Jaguar and Coyote sat on the plain, waiting. The antelope were grazing, slowly making their way through the grass to the predators, but had not come close enough yet.
“Vagabonds, all of them! I can hardly believe I must feed on this sickly crew. I remember when the antelope were all full and strong and healthy,” Jaguar said.
“Perhaps, though we said the same about them ten years ago,” said Coyote.
Jaguar grunted and sniffed the air, trying to estimate how close the herd was. “Not yet,” Coyote said, “or your patience will be undone.”
Jaguar grunted again and sipped sweet water from the nearby stream. “Did we not have larger herds, and more plentiful food in the past?”
“Perhaps; the humans have hunted greatly in this area. But though we have a few lean years, they will find themselves greatly reduced, for they do not know how to survive without abundance. We can live with little. They love their great feasts, of corn and fish and spitted boar. We, we can survive on pinecones and grasses.”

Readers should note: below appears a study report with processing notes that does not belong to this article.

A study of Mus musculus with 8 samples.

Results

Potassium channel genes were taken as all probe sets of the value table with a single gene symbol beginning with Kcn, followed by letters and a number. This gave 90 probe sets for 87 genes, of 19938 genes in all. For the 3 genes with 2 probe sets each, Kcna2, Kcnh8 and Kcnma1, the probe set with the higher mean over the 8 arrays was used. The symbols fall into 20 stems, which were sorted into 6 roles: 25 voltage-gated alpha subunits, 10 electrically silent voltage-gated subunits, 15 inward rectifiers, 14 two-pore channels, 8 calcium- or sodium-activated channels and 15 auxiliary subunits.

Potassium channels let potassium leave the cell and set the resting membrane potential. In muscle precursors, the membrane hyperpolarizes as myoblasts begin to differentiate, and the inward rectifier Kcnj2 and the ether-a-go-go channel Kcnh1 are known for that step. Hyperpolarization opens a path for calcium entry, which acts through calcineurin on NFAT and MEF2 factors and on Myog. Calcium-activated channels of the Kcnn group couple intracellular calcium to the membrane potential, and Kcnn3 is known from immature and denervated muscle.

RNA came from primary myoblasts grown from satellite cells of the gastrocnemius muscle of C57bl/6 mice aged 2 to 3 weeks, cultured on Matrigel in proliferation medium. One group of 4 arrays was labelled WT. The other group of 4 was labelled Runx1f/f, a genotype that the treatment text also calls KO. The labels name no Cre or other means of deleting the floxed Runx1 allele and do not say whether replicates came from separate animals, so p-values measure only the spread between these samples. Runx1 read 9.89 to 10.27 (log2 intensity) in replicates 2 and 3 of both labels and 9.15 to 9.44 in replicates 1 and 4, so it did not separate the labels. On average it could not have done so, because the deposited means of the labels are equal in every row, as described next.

“Hardly a decent meal,” Jaguar grumbled, thinking to his previous night’s near-empty belly. “We should move.”
“The antelope are not close.”
“I mean in general. We should migrate. Jackal says there is great feeding to the south, herds and herds of fresh deer, moose, rabbit.”
“Then why does Jackal not live there? Why is he here? Jackal is a trickster. And remember what has been said by others about the West.”
“The people, aye.”
Jaguar sniffed the air; the antelope were closer now, and Coyote tensed. “No, we will stay. Men may destroy our world, but we will stay and watch them suffer for it. And when they are gone, we and our relations will live on, and bring the land back. And when it is our turn again, we will rule kindly. But for now, we merely carry on the way we have, for it has always worked for us.”
He leapt forward, Jaguar closely behind.